As a student whose time at the University is drawing to a close this spring, I had been anxiously awaiting the announcement of the commencement speaker for this year’s graduating class. This speaker, as everyone on campus must by now be aware, was finally revealed last week to be none other than President Barack Obama. Though I was out of Ann Arbor this weekend — missing the celebratory parades and firework displays that probably took place on the Diag — I can deduce from the reaction on Facebook that my fellow students were overjoyed by the choice.
And you know what? I share their satisfaction, though with a serious caveat.
After all, it can’t be credibly denied that Obama is one of the public figures most relevant to the lives of University students, regardless of whether you love him or hate him. Unprecedented numbers of students identified with his candidacy and were inspired to vote for him. But even beyond that, for the first time in years, University students were sufficiently energized by a presidential candidate on behalf of whom they spent hours rallying, fundraising and registering others to vote all over campus.
It is also an honor for the University to feature a president of the United States as its commencement speaker for the second time in three years. (Bill Clinton addressed the class of 2007.)
Because of this and all the other reasons that make Obama an important figure for college students of the times, I agree that he is the right choice for commencement speaker and I look forward to his speech. But I must take issue with the Daily’s over-the-top editorial about just how perfect Obama is (Big man at the Big House, 02/12/10). Particularly, it demonstrates the hollowness of pro-Obama fanaticism to suggest that, “There is no leader better qualified to provide students with advice on leadership.”
People, and perhaps University students in particular, tend to idealize political leaders, especially high-profile ones like presidents. From Franklin Roosevelt to John Kennedy to Ronald Reagan, we award mythic status to the presidents who have meant something to us. We consider their achievements the result of unimpeachable personal integrity and intellectual beliefs put into practice.
In reality, political leaders are just like anyone else. They have the same incentives and motivations as your average person: they want to be successful, powerful and popular. Whether they succeed or fail at this doesn’t make them good leaders, but rather good politicians.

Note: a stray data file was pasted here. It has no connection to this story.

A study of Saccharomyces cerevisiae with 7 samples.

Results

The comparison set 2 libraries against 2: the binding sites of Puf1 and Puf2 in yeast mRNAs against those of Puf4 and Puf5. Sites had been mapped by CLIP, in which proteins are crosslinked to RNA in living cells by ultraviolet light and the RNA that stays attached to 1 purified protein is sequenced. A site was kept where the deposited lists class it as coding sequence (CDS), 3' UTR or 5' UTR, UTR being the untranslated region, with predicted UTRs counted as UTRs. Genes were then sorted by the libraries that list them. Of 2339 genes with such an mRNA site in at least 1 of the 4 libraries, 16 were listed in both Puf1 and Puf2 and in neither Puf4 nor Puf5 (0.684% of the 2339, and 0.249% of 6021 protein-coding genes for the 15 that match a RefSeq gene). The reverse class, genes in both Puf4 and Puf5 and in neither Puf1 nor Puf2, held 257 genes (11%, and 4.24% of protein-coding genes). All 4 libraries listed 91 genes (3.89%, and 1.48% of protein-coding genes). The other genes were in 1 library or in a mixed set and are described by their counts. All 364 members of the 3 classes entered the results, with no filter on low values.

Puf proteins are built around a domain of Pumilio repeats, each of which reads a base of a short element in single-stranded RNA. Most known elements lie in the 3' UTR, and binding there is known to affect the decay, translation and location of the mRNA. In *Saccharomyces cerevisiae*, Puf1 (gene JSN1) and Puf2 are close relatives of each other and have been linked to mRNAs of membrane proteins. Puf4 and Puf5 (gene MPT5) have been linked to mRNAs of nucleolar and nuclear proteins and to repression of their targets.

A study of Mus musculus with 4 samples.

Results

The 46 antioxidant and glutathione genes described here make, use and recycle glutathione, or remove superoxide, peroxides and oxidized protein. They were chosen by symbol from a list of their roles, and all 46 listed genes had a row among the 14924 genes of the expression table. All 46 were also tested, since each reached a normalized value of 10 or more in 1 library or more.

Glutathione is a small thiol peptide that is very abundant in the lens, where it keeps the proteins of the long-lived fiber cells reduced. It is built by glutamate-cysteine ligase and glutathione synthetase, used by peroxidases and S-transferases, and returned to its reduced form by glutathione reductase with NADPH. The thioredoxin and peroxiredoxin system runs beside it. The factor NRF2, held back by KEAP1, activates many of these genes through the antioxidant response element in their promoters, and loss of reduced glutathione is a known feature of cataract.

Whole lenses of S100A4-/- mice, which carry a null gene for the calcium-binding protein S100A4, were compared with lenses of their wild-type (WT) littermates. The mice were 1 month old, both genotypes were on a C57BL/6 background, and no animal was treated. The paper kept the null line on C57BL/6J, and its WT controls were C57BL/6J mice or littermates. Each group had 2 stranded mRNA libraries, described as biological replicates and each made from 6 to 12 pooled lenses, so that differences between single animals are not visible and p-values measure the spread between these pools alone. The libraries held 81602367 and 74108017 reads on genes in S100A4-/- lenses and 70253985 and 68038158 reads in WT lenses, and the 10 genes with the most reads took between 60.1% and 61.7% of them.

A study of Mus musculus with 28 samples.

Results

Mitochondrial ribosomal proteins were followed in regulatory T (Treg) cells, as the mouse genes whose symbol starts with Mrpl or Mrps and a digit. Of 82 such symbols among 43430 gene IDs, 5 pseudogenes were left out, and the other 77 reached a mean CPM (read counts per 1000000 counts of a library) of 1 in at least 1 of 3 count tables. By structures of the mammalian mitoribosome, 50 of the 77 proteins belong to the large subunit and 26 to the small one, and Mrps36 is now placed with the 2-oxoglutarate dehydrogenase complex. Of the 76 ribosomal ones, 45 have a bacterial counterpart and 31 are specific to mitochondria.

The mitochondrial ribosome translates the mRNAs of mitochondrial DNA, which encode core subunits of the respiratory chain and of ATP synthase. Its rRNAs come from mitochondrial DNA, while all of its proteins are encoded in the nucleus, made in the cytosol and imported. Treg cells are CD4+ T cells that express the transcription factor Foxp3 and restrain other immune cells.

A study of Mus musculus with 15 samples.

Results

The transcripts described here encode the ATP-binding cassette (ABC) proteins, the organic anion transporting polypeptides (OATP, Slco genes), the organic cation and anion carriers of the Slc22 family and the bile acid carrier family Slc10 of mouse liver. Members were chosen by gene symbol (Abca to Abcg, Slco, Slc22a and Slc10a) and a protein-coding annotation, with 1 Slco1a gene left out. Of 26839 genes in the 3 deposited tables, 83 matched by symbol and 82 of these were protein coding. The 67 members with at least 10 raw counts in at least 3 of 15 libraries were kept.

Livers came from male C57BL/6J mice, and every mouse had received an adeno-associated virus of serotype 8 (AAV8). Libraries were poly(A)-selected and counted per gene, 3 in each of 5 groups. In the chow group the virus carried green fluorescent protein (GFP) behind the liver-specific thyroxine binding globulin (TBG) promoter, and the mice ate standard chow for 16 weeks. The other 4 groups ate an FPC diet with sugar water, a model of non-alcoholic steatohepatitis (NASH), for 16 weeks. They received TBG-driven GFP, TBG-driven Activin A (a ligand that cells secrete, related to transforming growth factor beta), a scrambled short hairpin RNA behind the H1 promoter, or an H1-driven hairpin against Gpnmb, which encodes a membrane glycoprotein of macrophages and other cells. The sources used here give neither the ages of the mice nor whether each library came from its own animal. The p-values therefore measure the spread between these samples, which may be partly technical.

Obama is certainly no exception. Take, for example, his handling of “Don’t ask, Don’t tell,” the U.S. military’s controversial policy of allowing gay people to serve in the military only if they keep their sexuality a secret. During the 2008 presidential campaign, Obama advocated the repeal of the policy, promising to work with the military to do so when elected. But once in office — despite having the power to instantly end enforcement of the policy, if not the policy itself — Obama did nothing. Only last month, after a full year of largely ignoring the issue, did the president take any action.
Of course, the action he took is unlikely to lead to a change anytime soon. In his State of the Union address on Jan. 27, Obama announced that he would work with Congress to repeal the ban. If he cared enough about ending discrimination in the military though, Obama could simply instruct the military not to enforce it. Then, once it became clear that openly gay people who serve in the military aren’t a detriment to the armed forces, it would be time for Congress to act. But certainly he must know that leaving it up to Congress (which has struggled with health care reform since the middle of summer) is the best way to ensure inaction on any issue.
Obama’s motivation for placing this policy’s reform in the hands of Congress is no mystery: he doesn’t want to risk a backlash against him or his party with a national election coming up next year. That doesn’t sound like such a perfect leader to me.
So, class of 2010, please continue the celebratory festivities. If I’m pelted by confetti and heart-shaped Obama candies when I enter the Diag, I won’t be complaining. But part of graduating from college means becoming more realistic about the way government works and what political leaders are like. Let’s keep that in mind.
Robert Soave was the Daily’s editorial page editor in 2009. He can be reached at firstname.lastname@example.org.